6 reasons to make a difference

Folks, I believe that it’s important to help people out when you’re able to, and that means making a difference. It doesn’t have to be big stuff to really create change.

A lot of the work I do on craigconnects involves quiet, back-channel communications, which I might never go public with. Mostly you hear from me bearing witness to good works of others, or, if I think I’m funny. (I know I’m not as funny as I think, though by Washington standards, I’m hi-larious.)

Here are 6 reasons that I work to make a difference:

  1. Code is power, and it’s important to encourage girls to learn how to code. Orgs like Girls Who Code and Black Girls Code are doing this.
  2. Vets and their families do a lot for us. If they’re willing to risk their lives for me, I’m willing to give back to them as much as I can. It’s one of the reasons I became the VA’s Nerd-in-Residence.
  3.  Ok, I really just want news I can trust. Trustworthy journalism’s far and few between lately, and that needs to change. Couple years ago, I blurted out that “the press should be the immune system of democracy,” and I still believe that.
  4. The Declaration of Independence reminds us that everyone is equal under law, and I figure election integrity is a big deal. However, there are some bad actors that are trying to pass legislation that will keep eligible people from voting. I’m working with folks like Voto Latino to stop ’em. Here’s an infographic the craigconnects team and I created about these issues: Think You Have the Right to Vote? Not so much!
  5. Consumer protection is needed to protect regular people from predatory financial institutions. That’s like home loaners who’ll make loans to people who can’t pay the bills, or payday loaners who deceive military families. Check out the Consumer Financial Protection Bureau to see how an effective government org gets stuff done.
  6. I’d like to help give a voice to the voiceless and power to the powerless. Everyone should get the chance to be heard. It’s why I started craigconnects. My goal’s to team up with good folks in an effort to connect people and orgs around the world to get stuff done.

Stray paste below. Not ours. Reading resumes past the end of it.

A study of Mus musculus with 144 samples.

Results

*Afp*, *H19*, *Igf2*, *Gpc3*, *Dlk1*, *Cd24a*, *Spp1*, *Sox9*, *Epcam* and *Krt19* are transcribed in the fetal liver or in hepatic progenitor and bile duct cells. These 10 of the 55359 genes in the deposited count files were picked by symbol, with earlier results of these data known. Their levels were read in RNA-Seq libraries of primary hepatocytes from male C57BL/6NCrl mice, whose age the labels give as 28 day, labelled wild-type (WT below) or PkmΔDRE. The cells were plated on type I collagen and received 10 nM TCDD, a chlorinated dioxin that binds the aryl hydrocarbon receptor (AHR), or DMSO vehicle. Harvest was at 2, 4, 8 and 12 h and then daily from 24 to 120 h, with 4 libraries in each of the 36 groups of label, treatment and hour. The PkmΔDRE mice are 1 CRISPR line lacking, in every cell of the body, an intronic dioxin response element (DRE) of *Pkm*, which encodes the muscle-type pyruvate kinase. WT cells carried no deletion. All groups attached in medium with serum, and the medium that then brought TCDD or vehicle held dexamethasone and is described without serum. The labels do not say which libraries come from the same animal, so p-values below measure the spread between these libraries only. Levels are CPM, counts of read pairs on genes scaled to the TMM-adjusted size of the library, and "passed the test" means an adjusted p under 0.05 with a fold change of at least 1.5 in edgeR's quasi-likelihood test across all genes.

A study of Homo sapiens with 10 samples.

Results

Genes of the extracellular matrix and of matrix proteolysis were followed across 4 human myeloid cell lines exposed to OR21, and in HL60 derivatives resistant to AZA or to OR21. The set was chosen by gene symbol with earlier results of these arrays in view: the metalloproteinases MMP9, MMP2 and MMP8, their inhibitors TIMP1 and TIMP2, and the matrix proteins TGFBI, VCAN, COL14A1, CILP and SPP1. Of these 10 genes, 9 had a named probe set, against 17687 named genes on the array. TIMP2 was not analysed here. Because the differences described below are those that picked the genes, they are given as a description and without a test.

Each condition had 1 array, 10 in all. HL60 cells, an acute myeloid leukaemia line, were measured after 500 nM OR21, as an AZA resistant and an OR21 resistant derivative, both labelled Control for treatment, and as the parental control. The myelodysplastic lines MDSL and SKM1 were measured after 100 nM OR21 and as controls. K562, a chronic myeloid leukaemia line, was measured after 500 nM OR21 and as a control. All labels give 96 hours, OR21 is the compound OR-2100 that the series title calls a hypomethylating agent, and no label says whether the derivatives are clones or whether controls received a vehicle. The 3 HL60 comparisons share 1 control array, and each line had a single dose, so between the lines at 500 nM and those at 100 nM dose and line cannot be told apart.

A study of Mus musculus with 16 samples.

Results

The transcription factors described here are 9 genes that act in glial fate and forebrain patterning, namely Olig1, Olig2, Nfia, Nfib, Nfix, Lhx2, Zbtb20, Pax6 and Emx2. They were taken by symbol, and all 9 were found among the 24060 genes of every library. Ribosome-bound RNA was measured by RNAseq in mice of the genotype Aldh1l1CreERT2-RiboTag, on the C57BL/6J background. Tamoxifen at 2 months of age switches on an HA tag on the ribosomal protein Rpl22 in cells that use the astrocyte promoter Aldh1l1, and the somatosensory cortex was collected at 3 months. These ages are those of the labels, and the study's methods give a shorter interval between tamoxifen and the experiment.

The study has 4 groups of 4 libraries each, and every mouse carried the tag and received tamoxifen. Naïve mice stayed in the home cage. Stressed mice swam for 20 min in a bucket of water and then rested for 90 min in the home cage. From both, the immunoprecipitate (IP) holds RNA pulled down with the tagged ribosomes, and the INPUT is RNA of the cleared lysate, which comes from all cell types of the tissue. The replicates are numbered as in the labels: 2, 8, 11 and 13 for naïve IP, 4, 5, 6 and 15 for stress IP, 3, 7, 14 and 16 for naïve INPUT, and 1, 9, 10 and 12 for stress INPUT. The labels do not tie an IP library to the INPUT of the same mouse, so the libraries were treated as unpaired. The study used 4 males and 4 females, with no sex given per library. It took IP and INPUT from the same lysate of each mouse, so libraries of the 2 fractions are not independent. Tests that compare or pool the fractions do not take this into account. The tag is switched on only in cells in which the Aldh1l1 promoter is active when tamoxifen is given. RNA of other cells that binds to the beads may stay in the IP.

I’m looking to help solve problems that exist now, while learning how make things work better in the longer term by motivating people in increasingly large numbers.

social change
Photo Credit: Aleksi Aaltonen

That includes figuring out how to get people to work together, particularly the people at groups with similar goals. Nonprofits with common goals normally find it really hard to collaborate, and that begs for a solution.

To be sure, I don’t feel this is altruistic or noble, it’s just that a nerd’s gotta do what a nerd’s gotta do.

Sure, sometimes I gotta be a squeaky wheel, or sometimes I need to be annoying enough to motivate people, but will do so reluctantly. What are your reasons for making a difference?

2 thoughts on “6 reasons to make a difference

  1. It’s all about fulfillment, on so many levels. But mostly it’s about getting out of your own space, using this gift that we have to reach out to others learn something, and make a difference. Not in an idealized way, limited to a sound bite or an Instagram moment. But really being able to understand what makes life better, and trying to put things in place to fulfill it.

    1. I work to make sure that military kids are recognized for their service, and get to go to camp each year for free through Operation Purple Camp. Send Military Kids To Summer Camp

    2. I believe that music in school enriches the lives of kids beyond the walls of the classroom. Choral music is the great equalizer: no instruments needed, everyone has a voice, you can mix high achievers with kids who are struggling and they all have to work together to make music. That’s why I run FullertonSings

    3. I honor the memory of my friend, the late photo journalist, Image-maker Tim Hetherington, by supporting the “Bronx Documentary Center. What they do: bring the community together to talk about and express themselves about pertinent issues through the art of photography.

    4. I run a small blog called WarRetreat devoted to parsing out information about sports, outdoor recreation, arts, and counseling opportunities for veterans, contractors and their families.


  2. It’s what matters.
    We owe it to future generations.

    (So it’s a no-brainer, as long as you’re dealing with people on a spectrum from well-meaning to indifferent.)